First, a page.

What is orthodontics?

Orthodontics is a specialist branch of dentistry aimed at producing ideal tooth alignment, improvement in the bite (occlusion) and good positioning of the teeth, lips and jaws within the face to produce improved facial aesthetics.

How early can orthodontic treatment start?

Early orthodontic treatment at the age of 7–10 years can benefit in a few situations such as:

  • The correction of crossbites (see glossary of terms)
  • Management of eruption problems
  • Correction of incisor protrusion with functional appliances if there is significant psychological distress

The usual age to commence orthodontic treatment is when all the baby (primary) teeth have exfoliated. This time–point can vary widely between individuals but is usually between 11–14 years.

Can I be too old for treatment?

You are never too old for orthodontic treatment. Tooth movement with orthodontic appliances can be achieved at any age. It is important that all dental disease is stabilised before commencing treatment. Your orthodontist can advise you about what is required.


A wide range of appliances are available including conventional systems and more discreet invisible lingual appliances. Please see the section on appliances for further details.

Is it necessary to extract teeth?

Orthodontic treatment can often be provided without extracting teeth. Dental extractions are however required if there is significant crowding and/or incisor protrusion. The relative advantages and disadvantages of extraction will be discussed with you during your consultation.

What are the risks of orthodontic treatment?

There are few risks in orthodontic treatment. Dental decay (caries) can occur around orthodontic appliances if oral hygiene is not maintained and if there is a high frequency of sugar intake in between meals and before bedtime. We will advise you if your cleaning is not optimal before such problems occur. Advice will also be given how to clean your teeth with appliances in situ. It is important that you follow this advice.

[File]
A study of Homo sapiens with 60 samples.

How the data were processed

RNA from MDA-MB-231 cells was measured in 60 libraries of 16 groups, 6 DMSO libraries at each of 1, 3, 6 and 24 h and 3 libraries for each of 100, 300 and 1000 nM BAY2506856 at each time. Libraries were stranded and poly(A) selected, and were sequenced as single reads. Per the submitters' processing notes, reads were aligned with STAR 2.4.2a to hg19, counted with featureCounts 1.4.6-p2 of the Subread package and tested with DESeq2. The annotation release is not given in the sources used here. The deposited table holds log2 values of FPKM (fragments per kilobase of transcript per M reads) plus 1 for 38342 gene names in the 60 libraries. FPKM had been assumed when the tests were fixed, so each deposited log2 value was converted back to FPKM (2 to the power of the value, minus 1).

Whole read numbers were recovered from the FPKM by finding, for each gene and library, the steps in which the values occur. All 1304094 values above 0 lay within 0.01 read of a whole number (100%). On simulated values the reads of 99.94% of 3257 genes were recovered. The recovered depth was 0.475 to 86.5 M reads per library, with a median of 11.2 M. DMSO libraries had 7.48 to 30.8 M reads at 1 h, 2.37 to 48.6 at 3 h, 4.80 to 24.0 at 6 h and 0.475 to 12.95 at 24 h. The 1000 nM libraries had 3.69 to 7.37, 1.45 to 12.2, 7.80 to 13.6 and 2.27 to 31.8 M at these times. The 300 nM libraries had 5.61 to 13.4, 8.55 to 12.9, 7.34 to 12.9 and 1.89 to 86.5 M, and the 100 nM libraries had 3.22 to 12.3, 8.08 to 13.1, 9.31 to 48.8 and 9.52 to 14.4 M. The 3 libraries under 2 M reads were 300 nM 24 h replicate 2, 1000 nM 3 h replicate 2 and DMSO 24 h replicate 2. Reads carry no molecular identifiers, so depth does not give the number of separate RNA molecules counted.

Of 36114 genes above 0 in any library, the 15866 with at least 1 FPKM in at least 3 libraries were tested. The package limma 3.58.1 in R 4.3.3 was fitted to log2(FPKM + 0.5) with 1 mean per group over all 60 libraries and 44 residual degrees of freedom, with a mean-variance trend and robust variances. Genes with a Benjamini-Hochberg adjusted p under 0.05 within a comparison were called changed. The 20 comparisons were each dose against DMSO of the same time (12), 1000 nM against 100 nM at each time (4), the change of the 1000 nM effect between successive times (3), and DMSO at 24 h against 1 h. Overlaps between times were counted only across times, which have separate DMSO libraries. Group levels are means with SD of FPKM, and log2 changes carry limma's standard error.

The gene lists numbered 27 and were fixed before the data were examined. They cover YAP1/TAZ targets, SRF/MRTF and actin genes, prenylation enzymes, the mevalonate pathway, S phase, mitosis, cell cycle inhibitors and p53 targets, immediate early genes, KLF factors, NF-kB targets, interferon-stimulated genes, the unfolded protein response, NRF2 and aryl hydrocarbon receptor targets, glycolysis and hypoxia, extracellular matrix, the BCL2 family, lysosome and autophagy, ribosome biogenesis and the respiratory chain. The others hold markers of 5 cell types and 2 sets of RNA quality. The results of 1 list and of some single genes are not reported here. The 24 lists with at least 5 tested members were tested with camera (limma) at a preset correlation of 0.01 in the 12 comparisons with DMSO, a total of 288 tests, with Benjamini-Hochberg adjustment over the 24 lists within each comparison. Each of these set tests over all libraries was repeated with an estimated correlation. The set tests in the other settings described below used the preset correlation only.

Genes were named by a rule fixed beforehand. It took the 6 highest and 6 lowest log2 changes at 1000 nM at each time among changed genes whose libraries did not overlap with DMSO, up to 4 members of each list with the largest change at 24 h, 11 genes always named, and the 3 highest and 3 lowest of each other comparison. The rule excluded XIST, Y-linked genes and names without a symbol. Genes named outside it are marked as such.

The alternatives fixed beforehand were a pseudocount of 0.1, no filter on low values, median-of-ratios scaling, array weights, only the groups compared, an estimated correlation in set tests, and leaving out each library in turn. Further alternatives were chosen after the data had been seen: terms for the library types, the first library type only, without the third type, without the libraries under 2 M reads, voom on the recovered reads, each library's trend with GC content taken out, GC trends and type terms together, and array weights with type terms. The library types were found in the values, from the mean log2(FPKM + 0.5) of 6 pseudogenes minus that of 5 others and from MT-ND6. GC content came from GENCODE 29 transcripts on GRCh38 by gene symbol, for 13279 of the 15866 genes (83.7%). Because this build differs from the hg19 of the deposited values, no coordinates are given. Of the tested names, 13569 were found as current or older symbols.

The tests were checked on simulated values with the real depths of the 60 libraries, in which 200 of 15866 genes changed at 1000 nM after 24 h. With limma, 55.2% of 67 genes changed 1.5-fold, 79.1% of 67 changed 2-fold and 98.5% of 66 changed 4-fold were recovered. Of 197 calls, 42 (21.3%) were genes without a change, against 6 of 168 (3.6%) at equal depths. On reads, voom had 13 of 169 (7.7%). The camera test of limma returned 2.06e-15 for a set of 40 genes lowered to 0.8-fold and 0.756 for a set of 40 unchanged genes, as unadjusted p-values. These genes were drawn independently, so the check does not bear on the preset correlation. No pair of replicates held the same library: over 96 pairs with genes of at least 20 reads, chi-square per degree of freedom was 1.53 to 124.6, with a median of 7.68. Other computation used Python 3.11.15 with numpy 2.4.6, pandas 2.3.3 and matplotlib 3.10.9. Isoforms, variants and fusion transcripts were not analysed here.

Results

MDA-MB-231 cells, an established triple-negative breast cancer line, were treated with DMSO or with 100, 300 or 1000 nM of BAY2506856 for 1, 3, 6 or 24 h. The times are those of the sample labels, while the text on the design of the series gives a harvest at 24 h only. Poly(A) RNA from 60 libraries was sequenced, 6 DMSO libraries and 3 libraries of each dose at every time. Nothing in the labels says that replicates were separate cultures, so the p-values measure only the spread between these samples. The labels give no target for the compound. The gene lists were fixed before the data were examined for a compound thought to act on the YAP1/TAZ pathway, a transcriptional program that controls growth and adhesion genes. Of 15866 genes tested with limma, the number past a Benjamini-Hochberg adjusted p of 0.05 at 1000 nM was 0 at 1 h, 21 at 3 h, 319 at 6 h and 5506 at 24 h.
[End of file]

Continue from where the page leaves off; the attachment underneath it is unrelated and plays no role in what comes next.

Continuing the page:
It is normal for the roots of teeth to shorten (root resorption) by 1–2 mm during treatment. It is extremely rare for this to cause any long–term detrimental effects.

If retainers are not worn after treatment there is a risk of the teeth drifting to their start position. This is termed relapse.


Orthodontic treatment is provided on the National Health Service to those under the age of 18 years who meet nationally agreed criteria based upon the Index of Orthodontic Treatment Need (IOTN). Treatment can at present be provided to those with a Dental Health and Aesthetic grading of 3.6 or more.

What are the costs of private treatment?

Orthodontic treatment generally involves 1 year to 18 months of treatment. The cost for orthodontics includes all the treatment, repair of breakages (to an acceptable limit), provision of retainers and their supervision for one year after appliance removal. Treatment costs do not include the cost of any treatment provided by your family dentist before, during or after orthodontics.

A consultation generally costs £70 which does not include the cost of radiographs (x–rays), study models and photographs. If your family dentist has recently taken radiographs, you are encouraged to bring these to the consultation. The cost of full records (x–rays, models and photos) is £70 and these will be required to finalise your treatment plan.

The cost of comprehensive orthodontic treatment for children ranges from £1000 to £1600. For adults the range of comprehensive treatment varies from £2500 to £3500.

Fees are payable in increments during the treatment period until the appliances are removed. All fees will be fully explained before treatment is started.

How frequent are appointments?

Brace adjustments are usually undertaken every 6–8 weeks. If there are breakages then additional appointments maybe required.